Behavioural economics fascinate me. Here’s a story about a guy named Cass Sunstein who’s a friend (and loosely speaking, an adviser) of Obama’s, from the University of Chicago, who wrote a book called Nudge, it sounds Gladwellesque. It might be my next holiday read…
Here’s a bit of a summary from the compelling NY Times profile.
In “Nudge,” a popular book that he wrote with the influential behavioral economist Richard Thaler, Sunstein elaborated a philosophy called “libertarian paternalism.” Conservative economists have long stressed that because people are rational, the best way for government to serve the public is to guarantee a fair market and to otherwise get out of the way. But in the real world, Sunstein and Thaler argue, people are subject to all sorts of biases and quirks. They also argue that this human quality, which some would call irrationality, can be predicted and — this is the controversial part — that if the social environment can be changed, people might be nudged into more rational behavior.
Libertarian paternalists would have school cafeterias put the fruit before the fried chicken, because students are more likely to grab the first food they see. They support a change in Illinois law that asks drivers renewing their licenses to choose whether they want to be organ donors. The simple act of having to choose meant that more people signed up. Ideas like these, taking human idiosyncrasies into account, might revive an old technocratic hope: that society could be understood so perfectly that it might be improved. The elaboration of behavioral economics, which seeks to uncover the ways in which people are predictably irrational, “is the most exciting intellectual development of my lifetime,” Sunstein told me.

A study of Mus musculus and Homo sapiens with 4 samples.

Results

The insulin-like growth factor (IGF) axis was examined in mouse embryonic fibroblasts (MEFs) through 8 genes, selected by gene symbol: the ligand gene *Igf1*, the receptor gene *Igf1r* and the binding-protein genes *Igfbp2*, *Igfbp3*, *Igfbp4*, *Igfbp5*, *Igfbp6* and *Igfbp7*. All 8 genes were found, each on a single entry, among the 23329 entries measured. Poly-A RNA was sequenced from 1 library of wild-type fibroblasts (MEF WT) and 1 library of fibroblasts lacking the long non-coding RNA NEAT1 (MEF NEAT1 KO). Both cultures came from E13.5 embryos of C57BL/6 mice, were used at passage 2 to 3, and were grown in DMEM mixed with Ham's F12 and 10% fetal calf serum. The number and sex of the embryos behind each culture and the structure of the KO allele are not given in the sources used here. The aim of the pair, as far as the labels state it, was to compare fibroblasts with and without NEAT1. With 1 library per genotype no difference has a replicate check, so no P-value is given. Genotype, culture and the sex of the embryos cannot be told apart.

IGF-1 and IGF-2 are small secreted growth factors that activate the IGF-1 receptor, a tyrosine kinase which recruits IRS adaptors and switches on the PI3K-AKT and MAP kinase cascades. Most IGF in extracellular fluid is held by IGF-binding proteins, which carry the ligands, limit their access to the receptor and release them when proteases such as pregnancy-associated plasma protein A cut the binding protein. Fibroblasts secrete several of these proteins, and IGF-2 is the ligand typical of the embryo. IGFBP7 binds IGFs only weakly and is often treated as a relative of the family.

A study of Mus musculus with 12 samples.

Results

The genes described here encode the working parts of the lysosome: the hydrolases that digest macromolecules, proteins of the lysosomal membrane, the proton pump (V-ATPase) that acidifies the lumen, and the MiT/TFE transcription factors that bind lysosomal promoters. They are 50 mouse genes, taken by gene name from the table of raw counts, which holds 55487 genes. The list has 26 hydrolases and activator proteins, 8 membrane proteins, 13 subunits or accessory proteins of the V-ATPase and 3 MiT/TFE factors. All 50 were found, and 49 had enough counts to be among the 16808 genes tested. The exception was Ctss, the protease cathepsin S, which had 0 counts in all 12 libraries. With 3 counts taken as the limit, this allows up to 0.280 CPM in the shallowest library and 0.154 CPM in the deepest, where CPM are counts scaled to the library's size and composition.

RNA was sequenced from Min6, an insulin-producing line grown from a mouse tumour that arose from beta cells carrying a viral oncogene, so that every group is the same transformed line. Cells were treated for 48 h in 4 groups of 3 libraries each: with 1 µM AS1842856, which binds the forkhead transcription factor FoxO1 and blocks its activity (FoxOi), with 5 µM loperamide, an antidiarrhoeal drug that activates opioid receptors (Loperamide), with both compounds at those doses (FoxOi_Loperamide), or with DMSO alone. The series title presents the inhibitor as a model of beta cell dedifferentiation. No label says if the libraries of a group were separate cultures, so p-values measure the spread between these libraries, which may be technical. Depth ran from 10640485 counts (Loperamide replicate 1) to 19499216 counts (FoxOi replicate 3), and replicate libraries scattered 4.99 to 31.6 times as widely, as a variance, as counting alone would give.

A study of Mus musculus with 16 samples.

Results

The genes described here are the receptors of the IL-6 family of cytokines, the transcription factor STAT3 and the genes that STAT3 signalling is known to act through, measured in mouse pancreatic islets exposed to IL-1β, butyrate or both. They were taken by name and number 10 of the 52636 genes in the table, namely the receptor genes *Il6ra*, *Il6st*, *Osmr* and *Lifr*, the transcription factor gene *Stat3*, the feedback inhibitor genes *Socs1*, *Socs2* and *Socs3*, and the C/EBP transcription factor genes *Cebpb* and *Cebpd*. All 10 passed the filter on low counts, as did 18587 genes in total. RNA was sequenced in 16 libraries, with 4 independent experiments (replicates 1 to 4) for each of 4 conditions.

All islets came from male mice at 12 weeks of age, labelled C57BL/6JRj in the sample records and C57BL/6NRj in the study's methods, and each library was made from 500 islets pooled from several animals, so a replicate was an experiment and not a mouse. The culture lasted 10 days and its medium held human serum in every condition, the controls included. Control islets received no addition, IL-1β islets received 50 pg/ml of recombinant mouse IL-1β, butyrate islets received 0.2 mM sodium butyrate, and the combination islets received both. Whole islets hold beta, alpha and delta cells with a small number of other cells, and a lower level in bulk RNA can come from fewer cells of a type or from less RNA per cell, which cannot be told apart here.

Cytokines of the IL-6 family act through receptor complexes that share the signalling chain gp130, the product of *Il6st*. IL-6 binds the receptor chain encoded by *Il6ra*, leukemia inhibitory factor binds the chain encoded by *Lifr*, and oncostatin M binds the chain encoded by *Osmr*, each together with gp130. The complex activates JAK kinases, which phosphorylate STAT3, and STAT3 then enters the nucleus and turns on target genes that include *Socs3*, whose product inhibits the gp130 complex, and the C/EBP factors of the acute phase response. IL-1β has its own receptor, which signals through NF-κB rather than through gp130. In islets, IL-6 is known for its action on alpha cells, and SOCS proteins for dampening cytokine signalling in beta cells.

Sunstein now works with OIRA – which, being an acronym, is a government department. A department that looks at policy ideas and ways them up economically using a cost/benefit analysis that controversially assigns dollar values to intangible things… it has previously used these values:
The office’s administrators require that federal agencies express the costs and benefits of their proposed rules (lives saved, swampland preserved) in dollars. Moral principles, filtered through this cost-benefit analysis, find their way into confounding little boxes. A human life, the E.P.A. figured in a 2001 rule about arsenic and drinking water, was worth $6.1 million. (If an environmental regulation would save one life but cost $4 million, it ought to be put into effect; if it cost $8 million to save that life, the regulation would be scuttled.) Each I.Q. point a child lost because of exposure to lead was worth $8,346 over the course of a lifetime. A lost workday was worth $83. Many of these estimates used data from surveys — taken at malls, among other places — that asked passers-by how much more they would need to be paid to take on a job that carried, for instance, a 1-in-10,000 risk of death. Richard Posner, who has the most magnificent and chilly mind in this realm, used similar projections to price the benefit of preventing the extinction of the human race at $600 trillion.
Sunstein wants to bring this utilitarian approach together with his “libertarian paternalism” which would be very interesting indeed.